SAN CRISTOBAL DE LAS CASAS, Mexico- I want the people who own a hotel that I stay at to live there — or, if not live there, then at least spend a significant amount of their day within the walls of their own creation. I want to stay in hotels where I can see old owners sitting next to young owners with little baby owners playing on the floor. I want to stay in family hotels. Why? Because the owner of a business more than likely cares about its upkeep, and if they are present they know what needs to be up-kept.

Absentee hotel owners are asking for their places to be run into the ground. I do not want to sleep in a sinking ship.

Casa Madero Hotel

I have also found it is vastly easier to make friends with a family in their home than it is an employee idly ticking off the minutes until their daily liberation. Hotel families tend to also treat their longer term guests as family, as friends. There is a certain rule in travel that says if you spend enough time in visual proximity to a person you will eventual become their friend, as friendships often take time to cultivate — and if a traveler doesn’t like someone there are few reasons for them to stay in proximity to them.

I stayed for three months at the Casa Madero in San Cristobal de las Casas, Mexico. When I first walked through the doors I knew that I was in a family run hotel. The manager who showed me to my room got up from a table where she was coolly drinking coffee with a woman who appeared to be her sister, there was a little girl playing on the floor, the hotel was shown off with pride, the workers had a bounce in their steps and a sense of purpose with each movement, and when I made a counter offer for the price of a room for a month it was accepted without much ado The hotel was also spotlessly clean, well organized, and it was evident that the place ran as an efficient business. In point, there was a sense of precision about everything that gave the immediate impression that the owners were in the building. As I laid down my money to pay for a room for a month my suspicions were confirmed: I was in a family hotel.

Inside of Casa Madero Hotel

The family that ran this hotel eventually took my family into their care. My daughter became good friends with their little girl, they played together all day, my wife became good friends with the sisters that managed the place and soon became the resident English teacher, and the patriarch of the hotel would stop and have conversations with us whenever we past by each other. My family became friends with another family.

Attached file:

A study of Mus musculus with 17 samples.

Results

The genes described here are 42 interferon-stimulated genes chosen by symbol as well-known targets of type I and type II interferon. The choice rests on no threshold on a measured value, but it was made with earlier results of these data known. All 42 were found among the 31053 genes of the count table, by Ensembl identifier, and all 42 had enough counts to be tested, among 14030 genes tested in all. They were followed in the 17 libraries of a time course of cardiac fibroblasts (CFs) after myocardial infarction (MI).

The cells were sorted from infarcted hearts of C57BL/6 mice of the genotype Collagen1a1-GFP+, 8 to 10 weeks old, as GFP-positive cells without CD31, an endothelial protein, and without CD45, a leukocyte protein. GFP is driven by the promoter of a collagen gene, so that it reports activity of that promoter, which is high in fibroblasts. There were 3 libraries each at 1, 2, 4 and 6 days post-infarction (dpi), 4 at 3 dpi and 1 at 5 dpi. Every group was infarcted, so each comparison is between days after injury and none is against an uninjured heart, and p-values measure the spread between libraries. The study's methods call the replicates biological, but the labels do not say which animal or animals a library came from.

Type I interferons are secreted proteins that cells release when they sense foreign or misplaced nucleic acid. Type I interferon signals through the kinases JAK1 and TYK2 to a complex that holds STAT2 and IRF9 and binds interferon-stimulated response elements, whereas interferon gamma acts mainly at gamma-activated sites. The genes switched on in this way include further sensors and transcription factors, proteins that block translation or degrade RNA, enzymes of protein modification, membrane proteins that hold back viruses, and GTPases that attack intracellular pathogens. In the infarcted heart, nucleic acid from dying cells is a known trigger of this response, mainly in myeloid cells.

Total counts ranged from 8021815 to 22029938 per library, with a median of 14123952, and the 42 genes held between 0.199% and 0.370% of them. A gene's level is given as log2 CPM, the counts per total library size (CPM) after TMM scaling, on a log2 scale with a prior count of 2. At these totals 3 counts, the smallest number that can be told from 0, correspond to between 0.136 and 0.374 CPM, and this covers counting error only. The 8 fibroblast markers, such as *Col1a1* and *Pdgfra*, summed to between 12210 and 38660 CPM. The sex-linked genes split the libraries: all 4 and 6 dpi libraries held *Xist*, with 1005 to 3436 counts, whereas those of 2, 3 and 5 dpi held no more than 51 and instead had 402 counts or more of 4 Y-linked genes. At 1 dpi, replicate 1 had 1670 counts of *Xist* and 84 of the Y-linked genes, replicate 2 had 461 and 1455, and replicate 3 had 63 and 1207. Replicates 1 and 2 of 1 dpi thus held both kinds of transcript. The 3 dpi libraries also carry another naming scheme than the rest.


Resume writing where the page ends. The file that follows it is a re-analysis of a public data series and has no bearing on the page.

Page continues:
Having friends where you live often makes living there a vastly more fulfilling endeavor. Unless they are complete curmudgeons, a perpetual traveler is often on a perpetual search for friendship — staying at family run hotels is often a fast track method of filling this need.

After a good three month stay in this good hotel it was time to be traveling on. The night before we left the family got together and gave us a going away party at a restaurant. They filled my belly, kept the beers coming, and we had good conversation into the night. This only really happens in a family hotel.

Family from the Casa Madero hotel

When I walk into a hotel and am met by a kid who shows me the rooms with complete dispassion, I think twice about staying there. When I offer a receptionist at a hotel a lower price for a room and she looks baffled and says that she will have to ask their boss at some unspecified time in the future, I begin looking for the door. When I walk into a hotel and am met by a disheveled older woman wearing a nightgown at 3PM, I know that I may be stepping into a good place — as the only person who would go around looking like this in a hotel is the owner.

Travel tip: Search hotels for the sign of families, look for multiple generations of people sitting around looking at you with interest, as these hotels are also homes, and a traveler is often a mendicant in search of such a place.


About the Author:

Wade Shepard is the founder and editor of Vagabond Journey. He has been traveling the world since 1999, through 76 countries. He is the author of the book, Ghost Cities of China, and contributes to Forbes, The Diplomat, the South China Morning Post, and other publications. has written 3053 posts on Vagabond Journey. Contact the author.